Sally Dawson is a Lecturer in Molecular Audiology.
People often ask “Is a disease or condition caused by nature or nurture?” – in fact a lot of the most common diseases are caused by a combination of these two things. I have always been interested in how an individual’s genes and their environment combine to cause disease and this is one of the things I am studying in hearing loss. I did my PhD in cardiovascular genetics where I learnt about how to study the genetics of complex diseases. When I left I spent some time studying the role a group of genes in the nervous system and by chance one of them turned out to be important in hearing. That’s the kind of think that can happen in research –you suddenly get taken in a completely new direction.
It was actually quite timely because I was ready to move back into an area of research which was more clinically relevant and was also keen to set up my own group. Here at the UCL Ear Institute it is quite unusual in that there are lots of people working on the same disease but from different points of view which can be very challenging but the building we’re in (Centre for Auditory Research) facilitates interdisciplinary learning by forcing interactions between groups. This has already proven to be successful –I now have a collaboration with Jonathan Gale’s group and we run some joint research projects together. We’ve also got an interaction with clinicians at the hospital next door which is beneficial for us in terms of getting patient samples and also encouraging clinicians to become more involved in research.
People sometimes have the impression that in genetics we are just interested in finding which gene is involved in a disease and that is the end of the story. However what we are really interested in is the actual mechanisms of the disease – using genetics to find out what goes wrong in hearing loss, especially age related hearing loss which is very common. We don’t really know what the processes are that cause hair cells to die in the inner ear and that’s what we’re trying to work out, because if we can work out what’s going wrong then maybe we can intervene at some point and correct or prevent the damage.
There are 2 main aspects of our work:
1: identifying susceptibility of genes for age related hearing loss- looking at how genes differ in people who are prone to hearing loss and understanding the way this increases their risk. Widespread hearing loss is known to be caused by both genetic and environmental factors eventually leading to loss of hair cells in the inner ear. However, it remains unclear why some individuals lose their hearing as they get older while others in the same environment remain undamaged. One explanation is that genetic variation means some individuals are more susceptible to hearing loss caused by environmental damage. We are taking a candidate gene approach to look for common functional changes in genes which may pre-dispose some individuals to hearing loss.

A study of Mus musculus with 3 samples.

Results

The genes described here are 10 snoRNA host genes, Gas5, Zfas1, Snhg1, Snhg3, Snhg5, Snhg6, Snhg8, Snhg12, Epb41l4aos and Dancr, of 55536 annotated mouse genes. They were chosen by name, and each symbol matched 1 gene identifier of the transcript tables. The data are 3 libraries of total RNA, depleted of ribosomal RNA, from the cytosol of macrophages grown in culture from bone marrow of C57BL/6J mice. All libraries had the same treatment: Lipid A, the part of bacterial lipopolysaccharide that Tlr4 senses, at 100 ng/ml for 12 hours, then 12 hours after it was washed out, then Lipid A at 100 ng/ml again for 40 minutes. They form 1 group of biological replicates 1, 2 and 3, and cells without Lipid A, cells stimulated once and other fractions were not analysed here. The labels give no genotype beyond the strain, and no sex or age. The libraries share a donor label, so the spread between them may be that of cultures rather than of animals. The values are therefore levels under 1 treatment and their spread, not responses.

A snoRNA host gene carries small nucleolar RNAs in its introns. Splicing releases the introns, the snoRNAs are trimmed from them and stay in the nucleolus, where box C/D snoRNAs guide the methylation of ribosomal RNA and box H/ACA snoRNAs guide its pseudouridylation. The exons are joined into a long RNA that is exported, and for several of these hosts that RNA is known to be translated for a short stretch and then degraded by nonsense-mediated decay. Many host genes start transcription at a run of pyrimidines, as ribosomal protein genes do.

2: survival mechanisms in hair cells (in collaboration with Jonathan Gale’s Group). One of the reasons that the causes of age related hearing loss remain unclear is that we know very little about the molecular pathways of the hair cell. It is loss of the hair cell which is the precipitating cause of hearing loss. The inner ear is frequently subjected to potentially damaging environmental insults such as excessive noise. How the sensory receptor hair cells respond to such stimuli determines whether an insult is pathogenic or is successfully repaired. Deciphering the molecular mechanisms involved in these responses is therefore a pre-requisite to developing interventions to halt or reverse the damage. We have used a subtractive hybridisation strategy to identify a pool of genes whose expression is altered by two hair cell survival factors, Brn-3c and Barhl-1. As part of a collaboration with Dr Jonathan Gale (also at CAR), testing is underway to characterise the role of genes selected from this pool in protecting hair cells from damage and to decipher molecular survival pathways. The aim of our research is to: 1) identify the mechanisms which protect and maintain hair cell function; 2) develop subtractive hybridisation strategy was then used to identify a pool of genes whose strategies to improve the survival of hair cells; 3) test the efficacy of these in protecting against damage.
We gratefully acknowledge the following organisations for funding our research:- Deafness Research UK, Royal National Institute for the Deaf, Johnson & Johnson, Help the Aged and the Wellcome Trust. We would also like to thank the many patients who have volunteered to take part in our research.